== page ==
After a day spent navigating the keys and cays of the Exuma Island chain, our boat stops abruptly in front of a nearby island. The captain points to the shore, where a cluster of pigs runs along the coast, their little feet flying through the sand. Soon they're in the water, cutting through the surf towards our boat, snorting, grunting, and splashing. But the sound is not mean or threatening – it's actually kind of cute.
Natives of the island, the pigs are actually expert swimmers, and I watch them tread with their heads and snouts above the water. At times, they seem to be smiling, but I'm not fooled: it’s food they're after. Though wild, these porkers have made the correlation between boat and food, and they promptly emerge out of the woods and into the water whenever they hear the noise of an engine approaching the island.
Luckily for them, we've brought food by the bags – lettuce, french fries, carrots – whatever we could find. The great thing about pigs? They aren’t picky eaters. I toss a head of lettuce into the water, and watch the pig try to bite it without success, like a kid trying to grab onto a beach ball in the pool. Others chomp down easily on the rest of the items, snorting happily in anticipation of the next batch.
But the show doesn't end there; after the feeding, it's time to get into the water. That’s right – you can (and should) swim with them. They won’t hurt you, though they will be curious as to whether you’ve got anything tasty in your pockets. They swim up to me with purpose, and the size of them suddenly registers. These are full-grown, well fed pigs. You’ll want to avoid their churning legs, but they have no intention of causing harm.
Treading water, I’m able to circle around one and run my hand over its back, feeling the wet hair in between my fingers. They don’t seem to mind the contact, and they continue to investigate me, their snouts held high and active, their breathing heavy. At times I think they’re running out of gas, but they don’t quit; the stamina of these guys is truly astounding. Even as I begin to tire, their legs just go on kicking.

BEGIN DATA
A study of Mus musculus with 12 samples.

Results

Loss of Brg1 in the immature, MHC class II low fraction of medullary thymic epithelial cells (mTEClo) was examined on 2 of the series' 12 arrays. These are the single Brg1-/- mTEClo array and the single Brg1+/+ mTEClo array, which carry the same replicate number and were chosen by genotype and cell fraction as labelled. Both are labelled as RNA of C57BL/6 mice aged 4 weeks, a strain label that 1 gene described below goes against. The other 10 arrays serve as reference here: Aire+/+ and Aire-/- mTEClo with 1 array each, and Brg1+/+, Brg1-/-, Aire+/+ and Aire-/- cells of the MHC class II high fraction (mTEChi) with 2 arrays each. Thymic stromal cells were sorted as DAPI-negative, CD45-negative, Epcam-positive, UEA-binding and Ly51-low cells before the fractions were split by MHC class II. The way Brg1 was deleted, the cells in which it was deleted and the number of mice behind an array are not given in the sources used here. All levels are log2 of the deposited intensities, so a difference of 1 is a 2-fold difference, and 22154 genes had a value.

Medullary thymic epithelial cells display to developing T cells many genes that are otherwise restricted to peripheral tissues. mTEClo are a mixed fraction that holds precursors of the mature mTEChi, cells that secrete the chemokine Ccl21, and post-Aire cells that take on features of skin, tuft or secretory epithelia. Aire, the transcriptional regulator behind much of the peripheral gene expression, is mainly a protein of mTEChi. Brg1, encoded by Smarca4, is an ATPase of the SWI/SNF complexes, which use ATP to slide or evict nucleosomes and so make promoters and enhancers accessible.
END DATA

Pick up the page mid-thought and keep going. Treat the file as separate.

I swim to shore, and they follow, walking behind me on the beach. When my friend brings a bag of food ashore, we run down the beach, letting it all fall out behind us (the ensuing chase was fortunately caught on video).
The pig-inhabited island goes by a few names. It’s officially called Big Major Cay, but Pig Island, or Major Cay, are frequently-used alternatives. It’s the only island the pigs live on, and unless you have your own boat, hiring a captain or taking a tour is the only way you’ll ever reach it. Big Major is located near Staniel Cay, which sits about halfway between Nassau and Great Exuma in a chain of 360 islands known collectively as the Exuma Islands.
Since the price of such an excursion can be a drawback for some, be sure to shop around the different tour operators and see what else you’re getting along with the trip to see the pigs. My captain, Pat of Exuma Water Tours, was recently nominated for an award in the Bahamas for his great work as an ambassador and media guide, and I can personally vouch that he will show you a good time. On our tour, we also got to swim with nurse sharks right off the pier (in the wild, no cage or tank or anything), visit an island of endangered iguanas (that we ironically fed French fries), and zip through a beautiful string of 360+ islands.